Sean Follmer says that we’re in an era of computers everywhere. Our pockets, our desks, and our walls all have computers but we think of them as devices instead of environments and tools. Smart tables, smart rooms, or smart cities should be able to adjust to our needs to create easier methods of work.
In his TED Talk Shape-shifting tech will change work as we know it, Follmer shows several examples of work that the Tangible Media Group is doing inside the MIT Media Lab. inFORM is the focus of this talk, the group’s display that takes digital information and makes it physical.
inFORM concentrates on allowing people to manipulate objects across a distance. Two team members on a video conference interface can work to sculpt a piece together, or operate tools for one another. Nine hundred linear actuators work together to move the pins in the board up and down. Sean says the motion and linkages aren’t complex but the fact that there are nine hundred separate small machines in the assembly required several hundred hours of physical labor. A depth sensing camera, in this case a Microsoft Kinect, takes inputs from the user and tells the table which pins need to move up or down.
TRANSFORM was created for the Milan Design Week in 2014 and features three shape displays that move pins to make a dynamic tool. The video shown during the TED Talk lets TRANSFORM turn into a desk and then a display table. Pockets are created for pens and post-it notes while stands morph up out of the surface for a tablet and phone.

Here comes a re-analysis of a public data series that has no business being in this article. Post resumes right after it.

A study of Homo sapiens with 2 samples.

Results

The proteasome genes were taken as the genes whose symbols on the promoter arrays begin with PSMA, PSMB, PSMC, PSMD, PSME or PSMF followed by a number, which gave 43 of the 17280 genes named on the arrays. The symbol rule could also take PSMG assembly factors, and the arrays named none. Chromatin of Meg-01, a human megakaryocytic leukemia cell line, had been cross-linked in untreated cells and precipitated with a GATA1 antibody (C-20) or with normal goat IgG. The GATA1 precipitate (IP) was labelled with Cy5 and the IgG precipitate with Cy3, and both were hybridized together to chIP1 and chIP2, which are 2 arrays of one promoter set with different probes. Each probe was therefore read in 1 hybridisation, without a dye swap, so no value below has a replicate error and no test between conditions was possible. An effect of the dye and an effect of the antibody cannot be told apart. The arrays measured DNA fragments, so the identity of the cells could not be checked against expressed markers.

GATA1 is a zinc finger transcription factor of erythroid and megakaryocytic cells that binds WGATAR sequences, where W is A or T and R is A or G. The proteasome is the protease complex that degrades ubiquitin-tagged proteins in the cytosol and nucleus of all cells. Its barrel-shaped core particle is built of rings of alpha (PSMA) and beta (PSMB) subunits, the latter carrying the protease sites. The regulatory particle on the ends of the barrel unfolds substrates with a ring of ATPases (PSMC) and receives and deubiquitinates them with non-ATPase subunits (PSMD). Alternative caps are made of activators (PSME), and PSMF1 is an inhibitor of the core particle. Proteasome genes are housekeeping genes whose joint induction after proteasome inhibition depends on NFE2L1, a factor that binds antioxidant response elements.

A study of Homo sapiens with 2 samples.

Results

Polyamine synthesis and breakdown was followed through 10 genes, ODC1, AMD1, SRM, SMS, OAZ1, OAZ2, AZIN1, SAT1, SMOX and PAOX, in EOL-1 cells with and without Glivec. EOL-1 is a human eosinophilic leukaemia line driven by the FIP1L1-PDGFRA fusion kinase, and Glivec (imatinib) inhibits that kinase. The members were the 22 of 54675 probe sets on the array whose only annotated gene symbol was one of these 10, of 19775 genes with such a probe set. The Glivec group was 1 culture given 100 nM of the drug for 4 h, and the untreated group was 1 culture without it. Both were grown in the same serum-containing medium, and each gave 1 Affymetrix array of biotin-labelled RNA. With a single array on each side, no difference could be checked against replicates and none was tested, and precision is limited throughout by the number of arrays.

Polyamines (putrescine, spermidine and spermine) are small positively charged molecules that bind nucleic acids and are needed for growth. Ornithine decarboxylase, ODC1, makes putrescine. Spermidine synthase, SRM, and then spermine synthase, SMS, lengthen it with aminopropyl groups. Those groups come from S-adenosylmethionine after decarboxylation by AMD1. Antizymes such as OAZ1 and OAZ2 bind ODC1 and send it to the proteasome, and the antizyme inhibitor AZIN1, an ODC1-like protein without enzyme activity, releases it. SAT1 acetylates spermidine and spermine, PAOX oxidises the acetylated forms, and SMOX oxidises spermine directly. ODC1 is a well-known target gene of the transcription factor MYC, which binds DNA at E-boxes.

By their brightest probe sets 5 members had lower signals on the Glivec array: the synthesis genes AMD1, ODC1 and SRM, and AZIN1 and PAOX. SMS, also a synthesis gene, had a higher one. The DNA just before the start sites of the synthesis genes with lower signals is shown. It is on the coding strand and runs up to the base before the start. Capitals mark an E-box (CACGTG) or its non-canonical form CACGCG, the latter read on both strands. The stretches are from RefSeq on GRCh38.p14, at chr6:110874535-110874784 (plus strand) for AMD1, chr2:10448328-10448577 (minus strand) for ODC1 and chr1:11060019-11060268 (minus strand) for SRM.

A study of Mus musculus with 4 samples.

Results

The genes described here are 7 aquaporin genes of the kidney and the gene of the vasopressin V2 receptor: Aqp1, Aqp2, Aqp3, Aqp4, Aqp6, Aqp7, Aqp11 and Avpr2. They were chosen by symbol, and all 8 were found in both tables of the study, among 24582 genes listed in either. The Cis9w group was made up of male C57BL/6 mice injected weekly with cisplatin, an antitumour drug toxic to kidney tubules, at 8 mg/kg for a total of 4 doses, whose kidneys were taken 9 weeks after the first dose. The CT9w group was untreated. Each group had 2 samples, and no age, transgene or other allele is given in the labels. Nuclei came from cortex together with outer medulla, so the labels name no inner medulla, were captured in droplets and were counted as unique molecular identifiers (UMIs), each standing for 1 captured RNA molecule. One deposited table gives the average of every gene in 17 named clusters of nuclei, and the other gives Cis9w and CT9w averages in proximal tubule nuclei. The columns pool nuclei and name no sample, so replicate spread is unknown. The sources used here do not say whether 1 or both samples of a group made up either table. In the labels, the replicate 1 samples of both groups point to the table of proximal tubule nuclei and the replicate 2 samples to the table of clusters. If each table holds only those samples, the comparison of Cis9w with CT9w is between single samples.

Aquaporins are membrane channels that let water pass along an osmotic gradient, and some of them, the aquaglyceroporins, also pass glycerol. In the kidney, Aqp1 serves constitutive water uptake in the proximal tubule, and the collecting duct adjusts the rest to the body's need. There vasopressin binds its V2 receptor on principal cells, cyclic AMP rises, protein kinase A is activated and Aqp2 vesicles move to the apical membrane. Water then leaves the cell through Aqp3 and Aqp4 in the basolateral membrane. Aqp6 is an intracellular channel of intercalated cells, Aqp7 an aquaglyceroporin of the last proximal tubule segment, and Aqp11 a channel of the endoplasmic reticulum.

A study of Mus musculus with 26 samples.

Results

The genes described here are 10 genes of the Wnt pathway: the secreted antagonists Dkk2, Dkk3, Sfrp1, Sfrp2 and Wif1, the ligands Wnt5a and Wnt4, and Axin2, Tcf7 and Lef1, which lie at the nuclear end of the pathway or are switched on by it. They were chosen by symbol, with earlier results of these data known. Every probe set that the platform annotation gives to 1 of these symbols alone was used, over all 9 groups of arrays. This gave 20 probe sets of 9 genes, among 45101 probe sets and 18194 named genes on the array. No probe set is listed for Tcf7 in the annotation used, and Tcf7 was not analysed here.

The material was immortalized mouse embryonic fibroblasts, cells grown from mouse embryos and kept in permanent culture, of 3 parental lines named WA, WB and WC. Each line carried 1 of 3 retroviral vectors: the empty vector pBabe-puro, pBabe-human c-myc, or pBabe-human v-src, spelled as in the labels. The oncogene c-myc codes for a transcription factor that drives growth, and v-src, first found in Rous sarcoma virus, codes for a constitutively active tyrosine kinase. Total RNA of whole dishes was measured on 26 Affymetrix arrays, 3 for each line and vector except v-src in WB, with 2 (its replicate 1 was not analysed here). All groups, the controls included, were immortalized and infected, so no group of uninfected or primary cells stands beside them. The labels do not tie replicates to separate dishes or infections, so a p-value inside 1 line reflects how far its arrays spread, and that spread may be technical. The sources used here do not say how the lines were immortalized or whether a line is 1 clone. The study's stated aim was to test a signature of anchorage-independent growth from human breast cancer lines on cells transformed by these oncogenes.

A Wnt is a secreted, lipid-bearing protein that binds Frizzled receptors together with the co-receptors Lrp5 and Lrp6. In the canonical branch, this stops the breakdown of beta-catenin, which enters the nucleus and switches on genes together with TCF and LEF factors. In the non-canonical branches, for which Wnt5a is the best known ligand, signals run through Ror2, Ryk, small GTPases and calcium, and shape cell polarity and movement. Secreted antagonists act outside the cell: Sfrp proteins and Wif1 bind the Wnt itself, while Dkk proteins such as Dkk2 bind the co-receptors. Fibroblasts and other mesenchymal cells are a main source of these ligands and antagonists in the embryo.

There are several other ideas shown but not explored in this talk. A thin flexible material is first used as a phone and then morphs into a wristband. Later a different heavier device starts as a wristband pulsing and dancing on a wrist, then snakes itself into a rectangle shape and can take user inputs like a tablet, and finally morphs into a banana shape for the user to use as a telephone.
Follmer stays with his central idea throughout the presentation, that society is evolving and the tools we use need to evolve at the same rate. Tools will continue to add features and we will need more complex controls for the tools. Follmer now works at Stanford but most of the work presented here was done at MIT. It’s fascinating to get glimpses into the work that’s being done to make digital communication exist physically.